Questions 3: Handling Imposter Syndrome

Sesame Wars? Star Street?

So, we’ve gone over what Imposter Syndrome is and how it can be triggered.  Maybe it can happen without us identifying it right away.  No matter the case, we need to find a way to handle this powerful sensation.  An author won’t get very far if they don’t gain some amount of confidence.  We get them from ourselves, our friends, our readers, or anything that takes the time to tell us we’re real.  Harder and harder to find those these days, but that’s really a big thing that’s needed.

All that being said, let’s see if we can touch on how to help ourselves and others get through such a period.

  1. What would you say to someone who is suffering from Imposter Syndrome?
  2. What is one thing you can do to avoid falling into this mentality?
  3. Have you ever felt like a fraud and how did you handle it?

About Charles Yallowitz

Charles E. Yallowitz was born, raised, and educated in New York. Then he spent a few years in Florida, realized his fear of alligators, and moved back to the Empire State. When he isn't working hard on his epic fantasy stories, Charles can be found cooking or going on whatever adventure his son has planned for the day. 'Legends of Windemere' is his first series, but it certainly won't be his last.

  1. L. Marie says:

    1. That this is normal. Others who might be more experienced or more well-known also have gone through this. ( ) So that means keep doing what you’re doing.
    2. Since I think imposter syndrome is something creatives will face from time to time, I would only caution not allowing it to stop you as it has stopped me many times.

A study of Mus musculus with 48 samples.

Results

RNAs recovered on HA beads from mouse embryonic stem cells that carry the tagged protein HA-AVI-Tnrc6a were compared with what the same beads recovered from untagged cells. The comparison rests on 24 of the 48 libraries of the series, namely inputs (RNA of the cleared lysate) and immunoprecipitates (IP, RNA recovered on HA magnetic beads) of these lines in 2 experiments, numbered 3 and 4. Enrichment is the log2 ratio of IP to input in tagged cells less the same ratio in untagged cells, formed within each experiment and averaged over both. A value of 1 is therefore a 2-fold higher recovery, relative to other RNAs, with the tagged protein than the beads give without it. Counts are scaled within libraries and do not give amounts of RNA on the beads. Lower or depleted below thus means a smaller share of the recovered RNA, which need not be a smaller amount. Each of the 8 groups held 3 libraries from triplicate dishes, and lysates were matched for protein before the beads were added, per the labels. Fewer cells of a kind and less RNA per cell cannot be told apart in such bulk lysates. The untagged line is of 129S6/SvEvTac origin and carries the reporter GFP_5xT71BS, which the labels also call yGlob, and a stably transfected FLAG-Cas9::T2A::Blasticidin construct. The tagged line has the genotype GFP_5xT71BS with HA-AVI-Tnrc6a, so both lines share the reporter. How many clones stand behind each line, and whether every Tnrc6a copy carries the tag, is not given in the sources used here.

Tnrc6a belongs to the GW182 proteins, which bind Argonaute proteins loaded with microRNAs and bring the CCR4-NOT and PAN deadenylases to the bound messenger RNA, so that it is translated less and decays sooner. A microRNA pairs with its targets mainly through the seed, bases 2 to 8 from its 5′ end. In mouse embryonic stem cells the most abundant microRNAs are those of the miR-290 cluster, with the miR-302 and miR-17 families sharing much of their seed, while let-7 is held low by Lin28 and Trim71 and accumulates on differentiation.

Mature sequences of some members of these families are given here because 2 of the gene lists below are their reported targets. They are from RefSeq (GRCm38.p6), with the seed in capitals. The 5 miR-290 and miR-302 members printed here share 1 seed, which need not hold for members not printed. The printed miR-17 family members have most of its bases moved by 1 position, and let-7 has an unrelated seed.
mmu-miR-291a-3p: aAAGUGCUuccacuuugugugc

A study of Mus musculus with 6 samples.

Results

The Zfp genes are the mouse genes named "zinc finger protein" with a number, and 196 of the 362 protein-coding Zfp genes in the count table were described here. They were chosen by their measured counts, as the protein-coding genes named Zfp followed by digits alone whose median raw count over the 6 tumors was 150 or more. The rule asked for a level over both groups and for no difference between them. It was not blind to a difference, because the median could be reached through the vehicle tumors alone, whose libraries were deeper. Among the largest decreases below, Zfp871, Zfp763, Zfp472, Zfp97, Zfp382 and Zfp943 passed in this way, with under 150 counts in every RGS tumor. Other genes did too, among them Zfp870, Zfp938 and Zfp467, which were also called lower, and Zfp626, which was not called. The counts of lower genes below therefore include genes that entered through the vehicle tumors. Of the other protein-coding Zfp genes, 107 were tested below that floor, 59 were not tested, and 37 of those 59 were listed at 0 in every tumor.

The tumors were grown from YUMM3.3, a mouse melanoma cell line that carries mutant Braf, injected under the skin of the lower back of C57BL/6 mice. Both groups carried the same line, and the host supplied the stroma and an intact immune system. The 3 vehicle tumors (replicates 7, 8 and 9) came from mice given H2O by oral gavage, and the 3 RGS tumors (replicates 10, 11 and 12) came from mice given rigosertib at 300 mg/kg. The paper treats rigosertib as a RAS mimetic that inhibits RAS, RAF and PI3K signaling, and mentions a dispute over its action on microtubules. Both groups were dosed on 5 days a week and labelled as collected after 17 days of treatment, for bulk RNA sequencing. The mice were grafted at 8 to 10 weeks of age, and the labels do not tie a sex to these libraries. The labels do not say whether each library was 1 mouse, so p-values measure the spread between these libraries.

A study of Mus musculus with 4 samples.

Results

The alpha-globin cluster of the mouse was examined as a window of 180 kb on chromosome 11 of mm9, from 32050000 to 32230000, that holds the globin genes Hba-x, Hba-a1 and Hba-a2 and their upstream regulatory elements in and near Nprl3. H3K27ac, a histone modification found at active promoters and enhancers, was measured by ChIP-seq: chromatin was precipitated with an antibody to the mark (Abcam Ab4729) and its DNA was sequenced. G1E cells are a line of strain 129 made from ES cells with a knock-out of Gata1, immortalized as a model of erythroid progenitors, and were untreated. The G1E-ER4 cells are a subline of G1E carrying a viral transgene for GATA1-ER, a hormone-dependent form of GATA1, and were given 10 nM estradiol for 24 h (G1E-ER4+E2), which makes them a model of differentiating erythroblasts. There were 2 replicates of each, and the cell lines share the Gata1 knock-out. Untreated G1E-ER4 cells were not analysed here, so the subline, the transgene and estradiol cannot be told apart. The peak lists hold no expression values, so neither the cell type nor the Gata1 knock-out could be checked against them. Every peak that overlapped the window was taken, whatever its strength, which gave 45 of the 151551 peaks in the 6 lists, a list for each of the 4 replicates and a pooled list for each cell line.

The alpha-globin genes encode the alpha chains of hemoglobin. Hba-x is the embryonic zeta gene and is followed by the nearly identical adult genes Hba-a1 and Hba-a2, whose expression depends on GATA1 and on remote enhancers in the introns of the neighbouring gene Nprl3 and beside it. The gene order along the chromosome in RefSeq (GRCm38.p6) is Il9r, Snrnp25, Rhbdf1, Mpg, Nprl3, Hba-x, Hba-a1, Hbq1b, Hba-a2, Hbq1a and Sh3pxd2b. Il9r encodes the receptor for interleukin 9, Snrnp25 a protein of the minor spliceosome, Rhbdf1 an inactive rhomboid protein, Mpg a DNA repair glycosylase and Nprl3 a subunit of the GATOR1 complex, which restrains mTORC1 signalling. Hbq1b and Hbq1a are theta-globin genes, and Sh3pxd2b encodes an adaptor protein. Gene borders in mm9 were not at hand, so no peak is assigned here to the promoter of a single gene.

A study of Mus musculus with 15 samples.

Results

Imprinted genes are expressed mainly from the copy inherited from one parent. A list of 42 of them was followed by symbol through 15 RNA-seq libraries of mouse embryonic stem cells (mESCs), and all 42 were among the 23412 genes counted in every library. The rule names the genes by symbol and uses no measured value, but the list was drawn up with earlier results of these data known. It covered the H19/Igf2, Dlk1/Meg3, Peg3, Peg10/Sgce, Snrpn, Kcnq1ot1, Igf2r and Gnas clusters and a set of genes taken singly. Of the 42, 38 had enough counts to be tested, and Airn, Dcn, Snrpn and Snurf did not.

3. I have felt like an imposter many times. I pray for strength and the fortitude to keep going. Another thing I’ve done is to learn more about my craft. But nothing has helped more than actually practicing my craft. It’s like the 10,000-hour rule that Malcolm Gladwell spoke about in his nonfiction. Some might balk at the number. But what he was getting at was to keep doing what you do.


    • 1. That’s an interesting list.

      2. That’s always the challenge. Probably one of the least talked about dangers of creativity.

      3. So, it helps to try and work right through it?

      Liked by 1 person

      • L. Marie says:

        I think so, especially judging by the celebrities on that list who still are working in their craft though they’ve admitted to feeling like an imposter. I know that seems easy to say, given the famous people on that list who obviously were given breaks that most people don’t seem to receive. But at some point they were validated. So I can only point to my own struggle with it and the need to keep going.


      • I think validation and support are a big factor. Many get imposter syndrome due to others questioning and criticizing their abilities.

        Liked by 1 person

  2. I would say to someone who is suffering from Imposter Syndrome to think hardest about those things they do well and try to minimize the feelings of the things they don’t do well.?
    The one thing I do to avoid falling into this mentality is to write for myself and not worry about others or success.
    I have had fraud feelings but just worked harder to push them away.


  3. Hey! I wrote about this not long ago too. I thought inknt must be something lots of people deal with. Here is a link to my talk about it. Good stuff!


  4. I suppose I would try to convince them they aren’t an imposter, perhaps share some things to let them know they aren’t alone. I don’t know that there’s anything I can do to avoid it. Stop looking at my sales and reviews seems logical, but it isn’t going to happen. Happens to me all the time. I get upset, but always get back to work.


  5. I can’t speak to 2 or 3, but I would encourage them to recognize something they did right. A short sale, a passage they feel they did well. So they could see their is success to balance their fears.